Vietinbank to complete merger with smaller PGBank this year

Thanh Nien News


The deal is expected to be approved by the government next month and completed in September, news website Dau Tu cited Nguyen Van Thang, CEO of Vietinbank. He was speaking at a shareholder meeting the same day.
The merger will help Vietinbank expand its retail activities, Thang said, adding that the lender plans to continue to increase its presence and market share through mergers and acquisitions in the future.
Vietinbank expects its equity to be more than VND64.45 trillion (US$2.88 billion) after the merger, up 14.8 percent from the end of last year, while the chartered capital will increase 31.6 percent to around VND49.02 trillion ($2.19 billion).
According to a plan announced last year, the bank will issue 270 million shares to swap for 300 million shares of PGBank, one of Vietnam's smallest banks by chartered capital.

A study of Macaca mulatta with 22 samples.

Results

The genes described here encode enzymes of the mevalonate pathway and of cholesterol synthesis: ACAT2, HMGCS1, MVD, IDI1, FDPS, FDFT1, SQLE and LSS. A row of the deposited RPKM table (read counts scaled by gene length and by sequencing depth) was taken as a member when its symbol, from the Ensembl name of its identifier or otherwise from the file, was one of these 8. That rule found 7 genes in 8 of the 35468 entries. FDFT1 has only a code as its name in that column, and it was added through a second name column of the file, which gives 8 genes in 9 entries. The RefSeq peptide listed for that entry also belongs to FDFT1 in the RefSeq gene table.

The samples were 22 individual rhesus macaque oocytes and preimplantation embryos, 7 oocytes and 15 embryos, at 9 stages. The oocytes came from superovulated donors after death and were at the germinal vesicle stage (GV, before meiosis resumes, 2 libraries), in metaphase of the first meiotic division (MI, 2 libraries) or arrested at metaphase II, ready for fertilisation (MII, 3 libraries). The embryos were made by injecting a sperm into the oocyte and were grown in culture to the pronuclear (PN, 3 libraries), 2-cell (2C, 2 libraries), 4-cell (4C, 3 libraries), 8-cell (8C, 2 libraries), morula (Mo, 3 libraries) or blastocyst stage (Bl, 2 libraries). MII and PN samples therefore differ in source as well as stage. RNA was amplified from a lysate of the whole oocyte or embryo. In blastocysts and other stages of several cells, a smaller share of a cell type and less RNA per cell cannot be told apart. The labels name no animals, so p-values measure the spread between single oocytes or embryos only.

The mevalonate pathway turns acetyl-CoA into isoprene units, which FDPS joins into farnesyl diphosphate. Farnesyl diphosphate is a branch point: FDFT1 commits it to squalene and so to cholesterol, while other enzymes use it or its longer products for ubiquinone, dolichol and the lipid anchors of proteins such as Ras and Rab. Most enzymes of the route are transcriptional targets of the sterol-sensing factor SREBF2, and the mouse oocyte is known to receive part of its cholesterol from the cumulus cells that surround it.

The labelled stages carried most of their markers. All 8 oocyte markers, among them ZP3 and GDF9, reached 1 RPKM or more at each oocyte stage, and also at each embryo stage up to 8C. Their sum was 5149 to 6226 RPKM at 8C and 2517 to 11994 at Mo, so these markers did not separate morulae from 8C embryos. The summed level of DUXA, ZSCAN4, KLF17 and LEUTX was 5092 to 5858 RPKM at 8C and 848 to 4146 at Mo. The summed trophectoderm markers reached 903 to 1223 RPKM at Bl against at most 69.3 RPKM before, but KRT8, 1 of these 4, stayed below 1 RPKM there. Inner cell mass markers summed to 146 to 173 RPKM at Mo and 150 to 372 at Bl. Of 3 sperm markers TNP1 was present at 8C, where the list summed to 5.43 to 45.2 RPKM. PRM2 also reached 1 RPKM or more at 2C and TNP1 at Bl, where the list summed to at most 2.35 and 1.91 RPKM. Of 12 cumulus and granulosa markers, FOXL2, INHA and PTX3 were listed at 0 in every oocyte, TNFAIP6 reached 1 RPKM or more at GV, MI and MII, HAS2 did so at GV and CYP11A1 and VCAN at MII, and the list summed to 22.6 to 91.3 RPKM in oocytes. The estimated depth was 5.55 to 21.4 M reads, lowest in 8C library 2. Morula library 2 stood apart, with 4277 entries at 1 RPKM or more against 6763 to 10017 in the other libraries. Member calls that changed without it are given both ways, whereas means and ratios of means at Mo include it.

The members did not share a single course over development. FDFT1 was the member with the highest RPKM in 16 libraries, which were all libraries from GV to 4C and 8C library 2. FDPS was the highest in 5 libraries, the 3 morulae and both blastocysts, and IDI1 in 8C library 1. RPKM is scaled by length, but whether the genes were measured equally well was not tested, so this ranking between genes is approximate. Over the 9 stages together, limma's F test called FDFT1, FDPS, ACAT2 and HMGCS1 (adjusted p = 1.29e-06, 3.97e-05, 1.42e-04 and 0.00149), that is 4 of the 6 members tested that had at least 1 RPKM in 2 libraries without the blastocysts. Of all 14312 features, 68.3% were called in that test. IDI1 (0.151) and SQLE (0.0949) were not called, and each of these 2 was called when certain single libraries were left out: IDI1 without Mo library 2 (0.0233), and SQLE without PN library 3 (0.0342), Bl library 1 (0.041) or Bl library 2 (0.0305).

First announced in early 2014, the merger was one of many similar deals orchestrated by the central bank in an attempt to restructure the overcrowded banking sector that was blamed for dragging on the economy with bad debts in previous years.
Since 2011, 22 commercial banks and four finance companies have been merged in 12 deals, according to new figures released on the central bank's website. Another five mergers between five banks and five financial companies organizations approved by the central bank over the years are waiting for conclusion.
Vietnam now has 43 banks, including six wholly foreign owned. That number is expected to be reduced to 20-25 in the next two years, according to the central bank's plan.
The banking sector's bad debts were equivalent to 2.9 percent of total loans at the end of last year, compared to 3.7 percent estimated at the beginning of the year.